When moving forward into 2021, we are all interested in new revolutionary technologies. There may be perovskite solar panels with high efficiencies, or there may be new revolutionary batteries. They are all welcomed to the age of clean energy transition. QuantumScape's latest lithium solid-state battery is one interesting example.
The memories of Envia's failure and fraud are still fresh in my memories. As a Bay Area startup, they promised a 400 W/kg battery for 125$/kW in 2012. Later on, there were lots of disputes about it, and Envia has collapsed.
Solyndra manufacturer of solar cells, has also lost more than 500 million $s of US government loan and bankrupted in 2011. It was said that they couldn't compete with cheap Chinese PV manufacturing. But there were also disputes about their promises and numbers.
Therefore it took a long time to trust new startups with revolutionary technologies. There was also an academic side to this. In solar, for example, you hear about record efficiencies. But most of these papers rarely mention durability and stability.
But what is the big energy revolution after all this R&D for clean energy technologies? Tesla's latest investor presentation has some tips about what to expect from a revolution. In battery chemistry, it is not easy to make giant leaps. Rather you either tune the materials or the processes. Tesla seems to do both. They have incremental progress in battery technology. But their biggest leap comes from battery manufacturing.
While thinking about an incremental revolution on the battery side, OxfordPV breaks the news for efficient solar cells. Their claim is bold, "35 kg of perovskite generates the same amount of power as 7 tons of silicon". Using them with silicon can give us a theoretical efficiency limit of 43%. Can we spray our energy generators? With perovskites, this looks possible.
We can also hardly forget about Nikola Motors, an electric and hydrogen fuel cell truck company. A report titled "dozens of lies" accused the company of fraud and resulted in its CEO Trevor Milton's resignation. A January 2018 video of Nikola's semi-truck in motion was a fraud. It was just a non-working prototype rolled down a hill. The company is still valuable, but the damage has been done.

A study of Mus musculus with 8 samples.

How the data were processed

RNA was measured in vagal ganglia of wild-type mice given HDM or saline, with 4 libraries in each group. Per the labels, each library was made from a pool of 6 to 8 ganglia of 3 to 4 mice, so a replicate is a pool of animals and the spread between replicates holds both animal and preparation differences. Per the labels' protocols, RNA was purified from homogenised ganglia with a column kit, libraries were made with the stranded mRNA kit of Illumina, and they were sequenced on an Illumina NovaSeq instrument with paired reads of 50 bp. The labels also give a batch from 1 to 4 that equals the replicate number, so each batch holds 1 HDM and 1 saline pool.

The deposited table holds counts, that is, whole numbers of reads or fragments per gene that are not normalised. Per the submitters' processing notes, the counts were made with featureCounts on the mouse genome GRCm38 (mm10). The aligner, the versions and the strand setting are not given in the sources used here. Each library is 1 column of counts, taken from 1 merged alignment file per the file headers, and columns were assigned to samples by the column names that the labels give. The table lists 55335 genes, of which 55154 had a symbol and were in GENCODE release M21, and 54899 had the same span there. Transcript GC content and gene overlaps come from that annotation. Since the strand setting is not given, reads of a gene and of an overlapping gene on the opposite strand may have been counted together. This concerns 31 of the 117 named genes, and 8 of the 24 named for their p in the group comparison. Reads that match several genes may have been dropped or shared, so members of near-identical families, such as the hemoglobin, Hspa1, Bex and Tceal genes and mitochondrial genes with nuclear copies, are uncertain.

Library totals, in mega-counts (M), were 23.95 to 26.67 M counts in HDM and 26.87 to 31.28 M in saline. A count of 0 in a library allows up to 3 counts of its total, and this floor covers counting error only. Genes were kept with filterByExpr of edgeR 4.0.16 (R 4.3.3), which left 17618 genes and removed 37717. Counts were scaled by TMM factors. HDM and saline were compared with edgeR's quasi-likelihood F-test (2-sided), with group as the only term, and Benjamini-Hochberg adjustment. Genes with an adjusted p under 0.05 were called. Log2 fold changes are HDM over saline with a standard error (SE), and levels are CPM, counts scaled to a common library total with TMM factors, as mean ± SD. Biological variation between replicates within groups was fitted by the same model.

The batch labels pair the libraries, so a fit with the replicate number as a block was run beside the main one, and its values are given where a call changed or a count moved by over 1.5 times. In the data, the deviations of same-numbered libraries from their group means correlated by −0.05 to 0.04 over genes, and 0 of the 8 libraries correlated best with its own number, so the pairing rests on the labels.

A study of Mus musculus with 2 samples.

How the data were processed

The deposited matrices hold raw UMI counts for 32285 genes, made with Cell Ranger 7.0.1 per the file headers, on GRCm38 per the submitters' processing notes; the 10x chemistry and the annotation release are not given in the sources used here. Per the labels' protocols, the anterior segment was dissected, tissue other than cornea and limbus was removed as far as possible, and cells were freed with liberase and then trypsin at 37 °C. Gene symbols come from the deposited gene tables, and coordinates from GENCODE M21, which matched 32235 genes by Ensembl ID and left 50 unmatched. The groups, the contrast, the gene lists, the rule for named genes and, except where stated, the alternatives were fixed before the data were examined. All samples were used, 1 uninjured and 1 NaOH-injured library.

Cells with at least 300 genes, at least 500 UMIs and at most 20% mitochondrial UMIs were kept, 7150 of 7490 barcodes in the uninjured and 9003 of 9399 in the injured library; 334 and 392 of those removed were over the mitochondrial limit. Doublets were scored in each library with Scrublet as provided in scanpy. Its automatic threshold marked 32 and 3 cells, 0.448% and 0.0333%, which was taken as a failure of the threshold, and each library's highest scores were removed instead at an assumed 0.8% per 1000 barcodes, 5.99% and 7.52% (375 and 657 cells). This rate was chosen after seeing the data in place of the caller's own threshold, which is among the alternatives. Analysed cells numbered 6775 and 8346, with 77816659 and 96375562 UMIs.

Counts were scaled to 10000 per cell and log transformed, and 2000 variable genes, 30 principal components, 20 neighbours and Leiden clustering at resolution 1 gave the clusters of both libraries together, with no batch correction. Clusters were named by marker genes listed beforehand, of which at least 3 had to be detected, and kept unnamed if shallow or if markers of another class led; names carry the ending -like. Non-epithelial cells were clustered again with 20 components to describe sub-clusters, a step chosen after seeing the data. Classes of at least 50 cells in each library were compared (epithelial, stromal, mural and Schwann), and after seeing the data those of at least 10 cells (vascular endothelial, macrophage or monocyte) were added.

Here come QuantumScape's claims that quadruple their value in a month. Unlike traditional batteries, they do not have an anode before manufacturing. The revolutionary part is not the exotic materials but a solid-state separator that separates the cathode active and lithium ions after getting charged. Their youtube videos show the revolutionary part at the 13th minute. This technology achieves %80 percent charge in 15 minutes and north of 400 W/kg energy density.
Yet, the battery needs at least 2-3 years to enter commercial manufacturing. Volkswagen is one of the investors as well as Bill Gates. But they have the independent tests for their batteries, and the manufacturing process seems not too challenging. Scaling can be an issue.
The short future of battery and PV technologies look increasingly like perovskites and solid batteries. What will be their effect is a deeper question? For one thing, what happens if we see 100,000$/MW solar systems? The whole fossil ecosystem may find it hard to survive in such an environment.
The road is not an easy one. In the clean energy ecosystem, fraud and deception are no different. But the radical claims by the battery, solar companies make us wonder whether they are the next Envia, Solyndra, or Nikola. Independent verification of these technologies is as important as fossil reserve verifications.
But what if QuantumScape's tech is the right battery revolution? What if the age of solid-state batteries is starting? Then we will enter into a new realm. Electric cars will be the future for sure. That is probably why Apple announced its intentions.
What about the electric systems? Then we have to think about whether batteries become part of household electric equipment just like meters. This changes the definition of a blackout, market operation, and electricity services. Personally, I think a battery revolution is coming.